Relationships Scotland, the biggest provider of family and relationship support in the country, is asking the Scottish Government, charities and family law experts to back their calls to make mediation the first choice for divorcing parents to prevent thousands of kids being stuck in the middle of court action.


Research shows that parental conflict is one the top three causes of poor life chances for children. Relationships Scotland, who provide support to over 15,000 people every year, is calling for a better legal system for families going through a divorce or separation.


In their recently published manifesto Relationships Scotland set out as one of their top priorities the call for an urgent debate in Scotland to increase the uptake of mediation as an alternative to court action in family cases.


The charity says the level of awareness and understanding about family mediation is low. They are calling on all Scottish political parties to put in their manifestos that they will make it a legal requirement for divorcing couples to consider mediation and other forms of alternative dispute resolution before hauling their family through court.


The Justice Committee in Scotland acknowledged in a report last week that the legislation in Scotland was ‘showing its age’ and that more cases in Scotland would benefit from mediation.


The Scottish Legal Aid Board made a change to legal aid guidelines in December that now requires parents seeking a child contact order to show that they have tried or considered mediation in legal aid cases.


Mediation has been available in Scotland for 30 years but take up remains relatively low.  Only about one in four divorcing parents use mediation and this falls to one in ten for all cases involving divorce and separation.


In England and Wales The Children and Families Act requires separating couples involved in parenting or financial disputes to meet with a mediator prior to going to court.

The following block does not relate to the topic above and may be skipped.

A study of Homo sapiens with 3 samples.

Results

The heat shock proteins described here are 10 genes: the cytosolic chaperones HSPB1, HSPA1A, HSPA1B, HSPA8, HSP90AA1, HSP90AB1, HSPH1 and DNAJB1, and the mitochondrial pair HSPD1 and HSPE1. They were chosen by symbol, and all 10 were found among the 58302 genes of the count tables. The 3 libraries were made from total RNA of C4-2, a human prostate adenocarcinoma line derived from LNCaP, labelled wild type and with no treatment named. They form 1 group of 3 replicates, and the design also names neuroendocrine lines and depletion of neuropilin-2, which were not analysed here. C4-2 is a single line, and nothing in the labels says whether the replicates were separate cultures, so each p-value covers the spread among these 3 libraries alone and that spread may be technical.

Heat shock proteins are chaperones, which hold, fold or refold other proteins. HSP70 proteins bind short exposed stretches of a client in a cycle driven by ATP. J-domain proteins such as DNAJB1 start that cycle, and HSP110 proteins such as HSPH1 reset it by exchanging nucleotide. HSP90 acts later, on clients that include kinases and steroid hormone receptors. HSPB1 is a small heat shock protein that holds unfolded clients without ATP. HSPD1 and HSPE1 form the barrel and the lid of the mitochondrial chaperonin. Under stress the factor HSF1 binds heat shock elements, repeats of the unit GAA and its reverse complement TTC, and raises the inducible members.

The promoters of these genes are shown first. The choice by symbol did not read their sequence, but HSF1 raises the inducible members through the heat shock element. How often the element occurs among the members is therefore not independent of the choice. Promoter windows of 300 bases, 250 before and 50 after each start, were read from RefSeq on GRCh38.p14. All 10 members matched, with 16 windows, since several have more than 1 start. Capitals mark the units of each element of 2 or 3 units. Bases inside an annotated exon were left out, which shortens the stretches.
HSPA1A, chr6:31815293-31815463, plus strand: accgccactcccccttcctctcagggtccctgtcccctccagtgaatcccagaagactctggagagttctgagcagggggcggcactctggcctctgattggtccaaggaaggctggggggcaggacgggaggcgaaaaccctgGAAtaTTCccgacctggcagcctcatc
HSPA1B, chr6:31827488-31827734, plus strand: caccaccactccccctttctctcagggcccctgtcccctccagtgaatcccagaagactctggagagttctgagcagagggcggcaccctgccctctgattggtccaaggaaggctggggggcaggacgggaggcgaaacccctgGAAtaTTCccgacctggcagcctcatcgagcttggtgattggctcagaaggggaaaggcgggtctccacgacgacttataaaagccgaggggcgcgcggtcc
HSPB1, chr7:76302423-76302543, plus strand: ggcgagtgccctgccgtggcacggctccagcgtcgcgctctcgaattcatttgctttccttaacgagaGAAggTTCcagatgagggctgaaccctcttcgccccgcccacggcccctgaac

Research shows that family mediation is effective in helping separating couples and families with around 70% of mediation cases resulting in an agreement.  Mediation might not be appropriate in every case but this can be talked about in an initial individual meeting with a mediator.


Family law experts have backed the charity saying it’s time for a step change to increase take up of alternative dispute resolution without recall to court in all cases where kids are involved.


Cath Karlin, Partner and Accredited Specialist in Family Law at bto solicitors said, “Mediation has to be a better alternative to court for all concerned but especially where there are children. The worst thing that parents can do for their children is remove the decision making ability from the people who know their kids best and surrender that power to a stranger who has never met them. That is the reality when clients go to court. Mediation provides parents with a calm, facilitated environment where parents are given the time they need to come to a resolution that is in everyone’s interest.”


Father of two Neil Pryde, from Arbroath, was struggling to reach an agreement with his ex wife during their divorce and turned to mediation. “We were struggling to work things out. Court is brutal. I was prepared to do what I could to avoid that. It was an intense and upsetting time. The care of your kids is an emotional topic. No matter how things seem, mediation can help you resolve things quickly for the sake of your kids. After a few sessions we reached an agreement of 50/50 childcare and stuck to that. The kids are much happier since we sorted things out!”


CEO of Relationships Scotland Stuart Valentine said offering alternative dispute resolution options, such as mediation, is vital to get the best result for families. “Parents often lose  focus on their children as they battle with their ex-partner to determine who gets what, and who the children are going to live with. During a crisis or emotional meltdown it’s not realistic to expect parents to research all their options. Making it a requirement to consider mediation before going to court is the way forward.”


“Research shows that mediation is quicker, less costly and more effective than court action in helping divorcing and separating couples.  Mediation helps parents make a decision to work together in the best interests of their children. We need to act now to help parents and families find their own solutions.”


Stuart added, “We welcome progress made by making it a requirement in legal aid cases. More needs to be done sooner to ensure all parents explore alternative methods of resolving disputes.”